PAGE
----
Researchers identify genetic associations with 45 clinically relevant traits in the Qatari population
A group of researchers at Qatar Foundation have reported the first and largest genetic association study in the Middle East, that has been published online in Nature Communications – a leading a peer-reviewed, open access, scientific journal published by Nature Research.
The study titled “Whole genome sequencing in the Middle Eastern Qatari population identifies genetic associations with 45 clinically relevant traits” highlights a vital piece of information wherein now there is a better understanding of the genetic risk factors that are specific to the Arab population, including those that are shared with other ethnicities.
This means that going forward we are better aware of which genetic markers – unique to the Arab population – indicate their risk to develop a certain disease. This will significantly impact our ability to diagnose and manage certain diseases early.
This new knowledge will contribute to fill-in the gap on the global map of human genomes, by representing large segments of the Arabian ancestral populations which are overwhelmingly underrepresented.
The presence of this data means we now have a genetic reference point for Qataris, which when compared to that of other populations, will enable us to identify additional genetic variations, especially if these variations are rare in other populations such as Europeans but common in Qataris.
This data will contribute towards ensuring that when new drugs and treatments are designed, they take into account the unique genetic variations present in the Qatari population. And the results from this project have been deposited in a publicly accessible database, and are available to researchers around the world free of charge.
The study – led by researchers at Qatar Foundation’s (QF’s) Hamad Bin Khalifa University (HBKU) and QF’s partner university Weill Cornell Medicine – Qatar (WCM-Q), along with other scientists from the Qatar Genome Research Consortium – includes over 6,000 Qatari individuals with whole genome sequence data.
By performing detailed assessments of genetic variants across the whole genome in 6,218 individuals, comprising data from 45 clinically relevant traits, this study identified about 300 independent genetic signals. Some of these signals were predominantly found in the Qatari population. This observation was then confirmed in a further 7,768 subjects from QF’s Qatar Biobank.
Genetic association studies are done to investigate whether a genetic variant is associated with a disease. Once a new genetic association is identified, researchers then use this information to develop better detection, treatment and prevention strategies for the disease.
The findings from the study can be extrapolated to many diseases such as diabetes, cardiovascular disease or even susceptibility to COVID-19, however though, further studies are needed to identify the Qatar-specific genetic variations involved in these diseases. The research team is currently extending this genetic association study to diabetes, cardiovascular disease and susceptibility to COVID-19.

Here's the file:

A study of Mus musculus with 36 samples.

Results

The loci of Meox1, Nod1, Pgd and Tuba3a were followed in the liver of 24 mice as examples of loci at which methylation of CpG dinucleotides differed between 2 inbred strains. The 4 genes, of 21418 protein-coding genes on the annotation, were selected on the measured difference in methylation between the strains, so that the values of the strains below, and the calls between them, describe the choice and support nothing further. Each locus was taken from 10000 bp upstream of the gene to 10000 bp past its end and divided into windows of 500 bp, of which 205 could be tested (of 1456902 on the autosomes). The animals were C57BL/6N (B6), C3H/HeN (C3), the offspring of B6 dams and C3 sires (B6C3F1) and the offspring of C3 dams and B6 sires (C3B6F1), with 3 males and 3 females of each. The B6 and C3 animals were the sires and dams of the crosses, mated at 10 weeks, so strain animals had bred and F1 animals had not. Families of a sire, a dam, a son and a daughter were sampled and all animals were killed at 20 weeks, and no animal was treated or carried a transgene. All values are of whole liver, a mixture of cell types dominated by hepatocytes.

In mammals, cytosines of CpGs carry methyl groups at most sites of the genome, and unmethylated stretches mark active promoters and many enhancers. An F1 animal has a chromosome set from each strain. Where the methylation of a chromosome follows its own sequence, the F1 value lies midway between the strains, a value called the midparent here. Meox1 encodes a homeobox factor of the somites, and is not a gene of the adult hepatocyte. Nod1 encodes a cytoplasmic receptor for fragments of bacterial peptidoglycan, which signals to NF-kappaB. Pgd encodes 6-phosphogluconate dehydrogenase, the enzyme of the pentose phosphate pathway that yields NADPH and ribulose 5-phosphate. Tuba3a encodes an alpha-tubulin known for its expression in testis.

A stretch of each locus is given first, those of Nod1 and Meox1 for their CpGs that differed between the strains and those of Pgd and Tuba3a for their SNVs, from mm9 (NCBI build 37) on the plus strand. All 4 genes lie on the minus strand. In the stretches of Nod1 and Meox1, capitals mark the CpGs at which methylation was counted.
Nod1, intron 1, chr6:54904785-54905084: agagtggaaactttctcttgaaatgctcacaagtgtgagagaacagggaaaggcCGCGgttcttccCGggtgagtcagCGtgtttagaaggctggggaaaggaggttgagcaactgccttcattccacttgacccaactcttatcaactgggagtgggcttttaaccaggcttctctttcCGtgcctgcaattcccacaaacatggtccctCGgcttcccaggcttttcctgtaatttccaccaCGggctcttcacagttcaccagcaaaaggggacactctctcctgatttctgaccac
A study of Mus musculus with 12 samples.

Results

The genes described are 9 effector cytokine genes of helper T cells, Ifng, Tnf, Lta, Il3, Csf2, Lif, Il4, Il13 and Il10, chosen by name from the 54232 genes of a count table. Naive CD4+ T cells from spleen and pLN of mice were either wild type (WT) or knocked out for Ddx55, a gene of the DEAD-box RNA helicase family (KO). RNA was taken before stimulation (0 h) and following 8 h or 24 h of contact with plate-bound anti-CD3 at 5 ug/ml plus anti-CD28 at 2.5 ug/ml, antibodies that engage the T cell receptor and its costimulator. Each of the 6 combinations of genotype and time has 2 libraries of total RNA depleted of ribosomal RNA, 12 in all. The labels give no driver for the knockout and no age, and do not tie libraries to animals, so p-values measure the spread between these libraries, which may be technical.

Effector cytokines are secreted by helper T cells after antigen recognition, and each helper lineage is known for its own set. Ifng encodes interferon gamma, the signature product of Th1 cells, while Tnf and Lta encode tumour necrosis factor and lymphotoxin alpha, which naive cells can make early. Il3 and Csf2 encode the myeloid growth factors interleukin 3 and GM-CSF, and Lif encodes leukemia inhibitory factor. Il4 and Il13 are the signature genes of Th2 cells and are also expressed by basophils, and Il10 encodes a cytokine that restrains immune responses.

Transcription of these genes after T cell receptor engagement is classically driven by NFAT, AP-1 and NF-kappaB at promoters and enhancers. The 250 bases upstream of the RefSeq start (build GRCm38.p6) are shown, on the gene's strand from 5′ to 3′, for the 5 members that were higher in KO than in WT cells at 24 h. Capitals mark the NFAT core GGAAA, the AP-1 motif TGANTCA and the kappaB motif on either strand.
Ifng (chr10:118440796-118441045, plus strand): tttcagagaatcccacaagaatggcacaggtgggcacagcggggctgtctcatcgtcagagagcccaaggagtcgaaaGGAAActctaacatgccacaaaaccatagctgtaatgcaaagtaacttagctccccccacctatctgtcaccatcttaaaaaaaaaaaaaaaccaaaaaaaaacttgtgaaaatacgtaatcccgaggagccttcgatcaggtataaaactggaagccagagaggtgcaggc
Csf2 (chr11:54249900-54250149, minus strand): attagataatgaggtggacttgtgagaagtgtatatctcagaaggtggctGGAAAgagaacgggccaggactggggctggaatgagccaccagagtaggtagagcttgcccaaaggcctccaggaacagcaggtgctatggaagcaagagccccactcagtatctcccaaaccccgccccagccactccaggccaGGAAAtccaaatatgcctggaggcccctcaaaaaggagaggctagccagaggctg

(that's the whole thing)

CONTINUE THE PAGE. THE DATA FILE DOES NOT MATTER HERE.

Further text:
Qatar was among the first countries to launch its own large-scale, national genome project. Qatar Genome combines whole genome sequencing data with comprehensive phenotypic resource collected at Qatar Biobank, and is considered the first, largest and most ambitious population-based projects of its kind in the Middle East.
These kinds of studies can be considered as experiments conducted by nature, where the natural variation found in the genomes of thousands of Qataris is linked to variations in their respective blood tests. The study focused on blood tests which are routinely used to assess patients in clinical practice and to follow their treatments. For example, cholesterol levels obtained from blood tests are indicative of the risk of a heart attack.
The study also shows that findings from genetic studies in European populations don’t translate well when applied to our population in the Middle East
Omar Albagha, a senior author of the paper and a Professor of Genomic and Precision Medicine at the College of Health and Life Sciences at HBKU, says: “The study provides new insights into the genetic architecture of clinical laboratory tests and identifies for the first time genetic variations that are specific to the population of Qatar. The study also shows that findings from genetic studies in European populations don’t translate well when applied to our population in the Middle East. This argues for further studies to define the genetic architecture of diseases in our region. We are excited because the study represents a foundation for the implementation of precision medicine in the Middle East.”
We as a consortium are proud to contribute with this paper to the international effort of obtaining an even better understanding of our human genome
Qatar Genome Research Consortium gave research groups the platform to study whole genome sequencing and other omics data to empower the genetic discoveries in this part of the world, which otherwise would be under-represented
Karsten Suhre, Director of Bioinformatics Core at WCM-Q, and joint senior author on the paper, says: “It has been a long but successful journey from the first participant enrolment at Qatar Biobank to analyzing the resulting enormous genetic data set for associations with clinically relevant traits, and we as a consortium are proud to contribute with this paper to the international effort of obtaining an even better understanding of our human genome.”
“Qatar Genome Research Consortium gave research groups the platform to study whole genome sequencing and other omics data to empower the genetic discoveries in this part of the world, which otherwise would be under-represented,” said Professor Said Ismail, Director of QF’s Qatar Genome Programme, part of QF Research, Development, and Innovation.